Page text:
Theater and Museums

These are almost all in San Jose or its suburbs, though historical and archeological sites are scattered throughout the country.

The National Theater is Costa Rica's symbol of the people's interest in the arts as well as the national architectural treasure. A European opera company, led by singer Adelina Patti, came to Guatemala City in the late 1800's but didn't travel on to Costa Rica because there was no suitable place to perform. In response, the coffee growers agreed to pay a tax on coffee they exported to raise money for a theater. Construction started in 1890 and the building was finished in 1897.

Today it is one of the busiest buildings in the country, with performances or official functions 320 days a year. If your Spanish is good, enjoy one of the many plays presented by Costa Rican and touring foreign companies. With little or no Spanish, you can watch dance performances, opera, or the National Symphony. Check the schedule of upcoming events so you won't miss the ones you'd like during your stay. Tickets are inexpensive.

The theater is patterned after European opera houses though on a smaller, more comfortable scale. The facade, overlooking a rose garden and a tree-shaded square, is Renaissance style, with figures representing Music, Fame, and Dance. Statues of Beethoven and Calderon de la Barca All niches on either side of the entrance. The lobby inside has marble floors and columns. To your left is a refreshment area with coffee and great Ice cream concoctions, its walls usually adorned with art exhibits. The Grand staircase and foyer on the second floor feature Italian marble Sculptures paintings and a mural of Costa Rica 's main exports. You can tour the building with or without a guide during the day, but shouldn't miss the experience of a performance.
:Ave. 2, Calle 3, adjacent to the Cultural Plaza and Gran Hotel Costa Rica.
The National Theater adjoins the south side of the Cultural Plaza and faces the same square as the Gran Hotel Costa Rica. Other smaller theaters are around the San Jose area and the University of Costa Rica campus. Check the English language Tico Times, weekly on Fridays, for performances, locations and for art exhibits in the city which change often.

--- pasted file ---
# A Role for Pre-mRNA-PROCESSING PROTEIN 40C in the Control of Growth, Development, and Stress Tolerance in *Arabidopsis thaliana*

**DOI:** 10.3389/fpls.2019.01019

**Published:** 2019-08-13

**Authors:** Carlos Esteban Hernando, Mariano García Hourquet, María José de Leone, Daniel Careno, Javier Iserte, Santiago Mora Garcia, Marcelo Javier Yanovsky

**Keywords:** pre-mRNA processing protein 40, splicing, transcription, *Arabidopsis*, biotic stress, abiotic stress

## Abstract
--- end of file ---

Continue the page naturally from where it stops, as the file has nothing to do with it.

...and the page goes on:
The National Museum of Costa Rica is in the Bellavista. Fortress, the former army barracks on Calle 17, Ave. 2/Central. Open Tues.Sun., 10-5. Closed Mondays, holidays. Students with identification free. The outside walls of this fortress still show bullet scars from the revolution of 1948, after which the army was abolished. The museum features an excellent exhibit of pre-Columbian artifacts, historical exhibits from the colonial period, and historical religious cosumes, and articles. All of Costa Rica's history and historical art are represented here in the massive stone buildings surrounding a garden.


The jade Museum features prehistoric carvings of jade and stone, and some ceramic and gold articles, arranged according to their region and historical period. It's on the 11th floor of the INS (Institute for National Security) Building, Calle 9, Av. 7. Phone, 23-5800, Ext. 2581. Open Mon.Fri., 9-3. Admission free.

Note that museum openings are usually early in Costa Rica, often 8:30 or 9 a.m. Closings may be at 3 or 4 p.m. Most museums are open on Sundays-sometimes admission free. Most, except for the Natural Science Museum, are closed Mondays.

The Gold Museum is near the ICT information center under the Cultural Plaza on Ave. Central. This collection, one of the finest in the world, contains over 2000 pre-Columbian gold artifacts. Its 24,000 troy ounces comprise the second largest collection in the Western Hemisphere. The artistic wealth as well as the gold make it well worth a visit. Many of the articles were obtained from private collections of burial and religious art. Tues.-Sun., 10-6.

The Museum of Costa Rican Art occupies the former airport terminal building in Sabana Park on Calle 42 at the west end of Paseo Colon, Open Tues.-Sun., and holidays, 10-6. Closed Mondays. In this lovely Spanish-style building is a great collection of some of the most expressive art you'll ever see. Most is modem, but some sculptures are pre-Columbian. There are changing exhibits as well as the permanent collection.

The Natural Science Museum is in the Colegio La Salle, a school across from the south side of Sabana Park. Open Mon.-Fri. 8 to 3 and Sat. 7:30-12. Small admission charge. All specimens (over 22,500) and scenes were prepared locally, though they feature species from around the world as well as Costa Rica.

The Entomology Museum at the Agruicultural School on the University of Costa Rica campus in San Pedro, east of San Jose. is the only insect museum in Central America. The butterflies alone are worth a trip. Open Wed., Thurs., 1-6.